Economy Saving Money

Thinking of starting your own business? Here's a little-known way of funding it

A Rollover as Business Startup, or ROBS, lets business owners use money from a retirement account without any early withdrawal penalties or taxes for their business. Here are the pros and cons of choosing this route.

A small business owner poses for a photo at TSR Hockey in Salem, N.H.
Elise Amendola/AP/File

If you’re thinking about starting a business, one of your first major decisions will be choosing where to get funding. Many new business owners will turn to a bank or alternative lender, such as OnDeck, to get funding. Others may borrow money from family and friends or charge expenses to a credit card. However, there is one method that has been steadily gaining popularity in recent years: a Rollover as Business Startup, or ROBS.

What is a ROBS?

A ROBS lets business owners use money from a retirement account, typically a 401(k), without any early withdrawal penalties or taxes for their business. To set up a ROBS, the business owner must roll over funds from his existing retirement account into a new employee retirement plan set up by his or her business. Then, as the only participant in his company’s plan, he (or she) can then use the funds in this company’s plan to purchase stock in the company. And the money for the stock purchase is redeployed for business purposes.

A ROBS can be tricky to understand and set up, but many business owners use a ROBS as a debt-free way to start a business. Here are some more reasons why you should consider a ROBS:

It’s not a loan: Using a ROBS means you don’t have to take out a small business loan, so there is no debt or loan repayment. That means there is no interest to pay, or impact on your credit score.

Most retirement plans qualify: Most people use a 401(k) to set up a ROBS, but other plans, such as 403(b), traditional IRAs and SEP IRAs, also qualify (Roth IRAs are, unfortunately, ineligible).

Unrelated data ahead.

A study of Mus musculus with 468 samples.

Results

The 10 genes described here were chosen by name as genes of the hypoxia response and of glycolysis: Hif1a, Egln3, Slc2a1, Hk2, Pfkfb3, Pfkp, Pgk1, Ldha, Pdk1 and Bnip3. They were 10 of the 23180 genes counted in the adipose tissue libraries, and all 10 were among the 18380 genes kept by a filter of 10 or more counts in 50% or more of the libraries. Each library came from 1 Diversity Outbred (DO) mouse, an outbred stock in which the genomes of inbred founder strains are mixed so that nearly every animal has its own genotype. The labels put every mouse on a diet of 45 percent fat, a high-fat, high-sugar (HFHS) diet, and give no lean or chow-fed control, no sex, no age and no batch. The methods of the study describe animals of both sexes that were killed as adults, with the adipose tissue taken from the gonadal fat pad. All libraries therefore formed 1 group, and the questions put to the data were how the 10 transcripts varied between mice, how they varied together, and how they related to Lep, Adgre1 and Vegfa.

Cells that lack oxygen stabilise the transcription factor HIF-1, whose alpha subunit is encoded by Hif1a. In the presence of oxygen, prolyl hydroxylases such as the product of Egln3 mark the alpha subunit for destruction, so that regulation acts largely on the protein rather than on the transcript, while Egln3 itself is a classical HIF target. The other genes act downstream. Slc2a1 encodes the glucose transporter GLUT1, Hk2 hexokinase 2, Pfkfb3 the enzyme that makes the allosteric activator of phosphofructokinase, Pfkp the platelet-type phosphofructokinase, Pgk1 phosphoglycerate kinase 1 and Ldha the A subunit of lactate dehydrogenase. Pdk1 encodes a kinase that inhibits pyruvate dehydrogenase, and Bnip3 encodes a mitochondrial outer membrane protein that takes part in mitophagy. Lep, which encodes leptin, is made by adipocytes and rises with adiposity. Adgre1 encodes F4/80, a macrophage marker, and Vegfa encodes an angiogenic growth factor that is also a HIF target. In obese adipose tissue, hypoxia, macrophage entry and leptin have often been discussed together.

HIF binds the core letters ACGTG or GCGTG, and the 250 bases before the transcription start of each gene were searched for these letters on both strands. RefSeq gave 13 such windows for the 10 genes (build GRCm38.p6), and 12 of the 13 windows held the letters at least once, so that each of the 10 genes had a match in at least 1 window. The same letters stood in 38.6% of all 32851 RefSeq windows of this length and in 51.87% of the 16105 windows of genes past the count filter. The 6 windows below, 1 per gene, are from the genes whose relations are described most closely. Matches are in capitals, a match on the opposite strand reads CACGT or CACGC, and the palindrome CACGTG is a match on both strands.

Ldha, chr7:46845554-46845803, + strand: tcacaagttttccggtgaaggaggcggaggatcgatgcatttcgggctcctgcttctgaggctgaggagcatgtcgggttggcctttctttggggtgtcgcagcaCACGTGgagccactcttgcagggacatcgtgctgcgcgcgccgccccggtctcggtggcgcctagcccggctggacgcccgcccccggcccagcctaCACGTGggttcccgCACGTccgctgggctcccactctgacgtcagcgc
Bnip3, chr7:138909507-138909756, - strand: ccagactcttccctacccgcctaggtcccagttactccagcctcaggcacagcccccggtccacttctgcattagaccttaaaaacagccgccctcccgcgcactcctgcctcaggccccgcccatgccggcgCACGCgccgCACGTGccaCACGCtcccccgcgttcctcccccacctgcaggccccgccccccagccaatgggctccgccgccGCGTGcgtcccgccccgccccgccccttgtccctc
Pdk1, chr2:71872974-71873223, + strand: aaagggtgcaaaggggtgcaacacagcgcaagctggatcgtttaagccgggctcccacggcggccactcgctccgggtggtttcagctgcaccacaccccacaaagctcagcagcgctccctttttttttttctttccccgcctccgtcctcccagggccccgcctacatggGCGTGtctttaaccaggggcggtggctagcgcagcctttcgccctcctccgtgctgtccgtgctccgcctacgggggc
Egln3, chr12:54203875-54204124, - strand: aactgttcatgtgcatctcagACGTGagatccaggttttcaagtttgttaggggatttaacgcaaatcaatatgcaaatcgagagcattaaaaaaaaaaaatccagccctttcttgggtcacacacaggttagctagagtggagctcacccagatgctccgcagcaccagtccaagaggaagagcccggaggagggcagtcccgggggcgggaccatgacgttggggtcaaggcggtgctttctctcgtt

The funds are tax-free: ROBS are tax-friendly in two ways. First, you get to roll over funds from an existing retirement account without paying any penalties or taxes. Second, once the company’s plan is set up and you’ve purchased stock in the company, you can use that money tax-free for the business.

While a ROBS may have its benefits, it is not without drawbacks. Below are some the main reasons why you may want to reconsider using a ROBS to start a business:

You could lose your retirement money: When you use a ROBS for your business, you are risking your retirement funds. If your business fails, you could be losing your entire retirement nest egg.

A ROBS is complex to set up: There are a lot of rules and regulations for setting up a ROBS, and many business owners opt to pay a third party, such as Guidant, to set up and administer the ROBS.

You may be audited by the IRS: Due to the complexity of a ROBS, you may be more likely to be audited by the IRS. If the IRS finds that your ROBS transaction violated any rules, you could pay penalties and taxes.

Your business must be a C Corporation: A ROBS can only be used for businesses that are registered as C Corporations, so businesses registered as LLCs, partnerships or sole proprietorships are not eligible.

A ROBS can be a good vehicle for starting a business, but it’s not ideal in many cases. If you don’t have a lot in the way of retirement savings, it’s better to consider alternate methods of funding. Even if you’ve amassed a decent-sized nest egg, you should evaluate whether starting your business is worth risking any of your retirement money.

This story originally appeared on ValuePenguin.